I'd never heard of the movie October Sky before last year, but now I've used it in my classes two years in a row. It's a wonderful story about fathers and sons, about striving to be yourself and not who others want to define you as, about overcoming long odds, and math. :)
It hasn't yet ceased to amaze me how I'll start the movie, turn the lights down, and without me having to do much of anything, conversation and off task behavior will just die of its own accord, as the kids get totally hooked by this story. The kids are thrilled at the high points and concerned at the low ones. A quiet moment will come along, and you could hear a pin drop. Often there's applause when the movie gets to the end. This is a powerful story, and one the kids eat right up.
When you show the same movie class after class, you get a chance to move past the narrative, and see what's going on behind the magic. I've heard some folks recommend typing out or copying down published stories that you find effective so that you can get beyond the spell and see how the author accomplished it. I haven't yet tried that myself--spare time is just too hard to come by these days. :) But I can totally see how that could be good advice, because, among other things, I felt a similar effect as I saw this film repeatedly. Either way, the point is to get to where you're not pulled into the thrall, so you can see what's going on. (It's not the same exactly, but I didn't just watch the movie repeatedly; when you show a movie to kids in 50 minute increments, you do more than just watch the screen.)
I had a couple of observations I thought I could take away from watching this today, one of which I'll post now, and the other one I'll save.
A lot of what I've read on story structure talks about having disasters continually separate the protagonist from his or her goal, and either forcing the protagonist to regroup, or forcing the protagonist to revise the goal. At the end, when all seems the most hopeless, the protagonist finally breaks through. It gets to seeming like the protagonist can never have a moment of success of enjoyment along the way, and that hardly seems to represent all the fiction out there.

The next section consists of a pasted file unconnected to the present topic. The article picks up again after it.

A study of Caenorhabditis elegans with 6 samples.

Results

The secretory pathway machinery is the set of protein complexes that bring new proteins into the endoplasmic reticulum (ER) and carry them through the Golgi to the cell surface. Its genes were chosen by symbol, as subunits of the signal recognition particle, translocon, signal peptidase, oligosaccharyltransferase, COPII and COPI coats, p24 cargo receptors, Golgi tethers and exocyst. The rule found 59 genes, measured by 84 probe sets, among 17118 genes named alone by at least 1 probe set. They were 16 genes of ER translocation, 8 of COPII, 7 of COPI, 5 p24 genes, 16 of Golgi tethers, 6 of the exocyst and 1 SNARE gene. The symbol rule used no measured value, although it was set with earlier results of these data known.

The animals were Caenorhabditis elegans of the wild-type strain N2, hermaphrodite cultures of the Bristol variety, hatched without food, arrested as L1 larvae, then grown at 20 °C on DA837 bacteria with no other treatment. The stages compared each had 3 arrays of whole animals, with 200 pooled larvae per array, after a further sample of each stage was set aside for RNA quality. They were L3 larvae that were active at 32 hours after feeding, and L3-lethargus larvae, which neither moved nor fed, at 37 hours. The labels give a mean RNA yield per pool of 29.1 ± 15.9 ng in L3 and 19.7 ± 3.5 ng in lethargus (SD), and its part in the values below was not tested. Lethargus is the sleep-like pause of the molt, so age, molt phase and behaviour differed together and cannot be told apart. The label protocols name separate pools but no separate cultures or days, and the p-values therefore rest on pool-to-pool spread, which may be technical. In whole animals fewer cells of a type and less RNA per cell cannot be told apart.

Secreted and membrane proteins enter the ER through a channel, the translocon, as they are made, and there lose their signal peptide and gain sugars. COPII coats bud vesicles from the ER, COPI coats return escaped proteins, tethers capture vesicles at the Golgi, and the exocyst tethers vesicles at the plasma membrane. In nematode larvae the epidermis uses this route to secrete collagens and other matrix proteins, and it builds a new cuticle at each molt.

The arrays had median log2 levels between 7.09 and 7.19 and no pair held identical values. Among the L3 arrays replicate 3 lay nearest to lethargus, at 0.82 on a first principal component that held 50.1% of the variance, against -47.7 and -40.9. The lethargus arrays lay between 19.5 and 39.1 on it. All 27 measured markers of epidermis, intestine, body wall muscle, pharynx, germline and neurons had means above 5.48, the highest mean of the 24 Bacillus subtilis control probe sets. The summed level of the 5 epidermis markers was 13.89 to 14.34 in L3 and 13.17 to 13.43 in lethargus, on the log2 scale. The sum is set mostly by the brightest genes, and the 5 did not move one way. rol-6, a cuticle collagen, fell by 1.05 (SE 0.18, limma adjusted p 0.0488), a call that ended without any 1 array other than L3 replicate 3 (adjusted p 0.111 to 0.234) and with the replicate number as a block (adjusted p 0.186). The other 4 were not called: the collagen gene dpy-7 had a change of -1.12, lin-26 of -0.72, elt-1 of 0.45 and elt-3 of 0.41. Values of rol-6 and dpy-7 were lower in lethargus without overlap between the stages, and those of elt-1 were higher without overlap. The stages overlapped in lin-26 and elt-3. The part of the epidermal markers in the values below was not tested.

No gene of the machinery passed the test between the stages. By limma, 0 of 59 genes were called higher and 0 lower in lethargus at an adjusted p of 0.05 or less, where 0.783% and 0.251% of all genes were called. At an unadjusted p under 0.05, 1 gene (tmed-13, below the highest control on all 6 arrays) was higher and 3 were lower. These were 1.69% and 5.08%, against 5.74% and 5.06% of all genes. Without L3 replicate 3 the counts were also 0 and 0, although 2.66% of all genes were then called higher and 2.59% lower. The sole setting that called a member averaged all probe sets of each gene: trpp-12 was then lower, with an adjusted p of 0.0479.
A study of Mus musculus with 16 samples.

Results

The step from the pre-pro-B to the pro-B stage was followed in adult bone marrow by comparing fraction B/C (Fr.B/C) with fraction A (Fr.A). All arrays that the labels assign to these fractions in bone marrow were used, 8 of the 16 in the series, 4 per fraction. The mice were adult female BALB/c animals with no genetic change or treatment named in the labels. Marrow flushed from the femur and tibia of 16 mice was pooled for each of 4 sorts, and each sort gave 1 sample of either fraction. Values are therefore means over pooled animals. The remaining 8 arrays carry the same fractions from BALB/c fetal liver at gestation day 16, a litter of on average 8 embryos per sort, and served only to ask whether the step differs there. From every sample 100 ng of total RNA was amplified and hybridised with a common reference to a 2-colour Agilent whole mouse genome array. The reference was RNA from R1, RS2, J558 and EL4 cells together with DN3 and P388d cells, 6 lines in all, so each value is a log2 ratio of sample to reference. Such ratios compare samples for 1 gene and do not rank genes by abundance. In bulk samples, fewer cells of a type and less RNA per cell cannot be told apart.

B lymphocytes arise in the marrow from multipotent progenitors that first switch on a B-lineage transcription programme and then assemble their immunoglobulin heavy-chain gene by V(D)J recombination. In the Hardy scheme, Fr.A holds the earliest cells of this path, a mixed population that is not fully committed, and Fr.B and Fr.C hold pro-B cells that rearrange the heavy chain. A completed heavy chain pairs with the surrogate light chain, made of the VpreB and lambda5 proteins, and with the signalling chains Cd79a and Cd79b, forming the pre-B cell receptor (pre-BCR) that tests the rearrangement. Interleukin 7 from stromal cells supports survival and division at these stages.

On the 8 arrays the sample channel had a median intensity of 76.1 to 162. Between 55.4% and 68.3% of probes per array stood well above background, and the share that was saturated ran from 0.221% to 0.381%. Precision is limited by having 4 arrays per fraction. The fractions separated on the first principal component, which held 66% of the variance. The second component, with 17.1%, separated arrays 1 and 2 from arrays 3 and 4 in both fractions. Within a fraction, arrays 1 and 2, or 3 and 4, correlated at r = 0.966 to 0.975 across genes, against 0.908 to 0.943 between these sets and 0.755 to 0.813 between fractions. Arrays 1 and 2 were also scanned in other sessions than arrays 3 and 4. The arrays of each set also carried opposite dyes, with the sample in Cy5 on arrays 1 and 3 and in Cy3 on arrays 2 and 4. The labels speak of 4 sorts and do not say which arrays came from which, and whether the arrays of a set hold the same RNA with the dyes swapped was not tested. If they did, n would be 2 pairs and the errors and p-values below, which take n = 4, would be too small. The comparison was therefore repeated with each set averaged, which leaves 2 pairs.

As I watched October Sky, it occurred to me that the pattern I was seeing was slightly different from that. There were disasters, true. And each low was lower than the low before as well. But there were highs too, and each high was higher than the one before. First Homer gets excited by the sight of Sputnik, but then he destroys his mother's fence. Then Homer gets help and builds a more powerful rocket, but he accidentally launches it in the direction of the mine. Then Homer and his friends regroup and create a launch site out of town, only to have their rockets explode before reaching a respectable altitude. Along the way he gets encouragement from Wernher von Braun, but gets discouragement from his father. He has a successful launch and gets written up in the newspaper, but then he gets arrested when he is suspected of starting a forest fire. Then we get a whole series of disasters, but once they're past, success again: Homer proves his innocence and wins the state science fair. This is followed by the biggest fight with his father yet, and by violence caused by the miner's strike.
Do you see my point? The highs get progressively higher, but always with some new disaster to make satisfaction fleeting. Until the end, of course. So it's really more of an oscillating function. Something like this, maybe:
(Yeah, I'm a big nerd, I know.)
Anyhow, I thought this was a useful way of looking at plotting, particularly for longer works. Next time I write something long, maybe I'll try to follow that kind of rollercoaster pattern.
The movie's only real moment of fail comes at the very end, and it's a minor shame. Homer's dad finally comes out to the launch site to see what he's been so obsessed with, and together they launch a rocket and watch it climb into the sky. Impressed, his father stands there, jaw agape, for a little while, and finally gives his son the first sign of approval of his choices and interests: he puts his hand around Homer's shoulder. Unfortunately, the camera's loving closeup, the father's slow arm motion, and the placement of the two actors makes it look like Homer's Dad has an entirely different sign of affection in mind. In every single class I show this movie, the spell is temporarily shattered and the class breaks into giggles when it looks like Homer's Dad is about to grab his ass:
I didn't crop it to look that way. That's pretty much a full screen shot.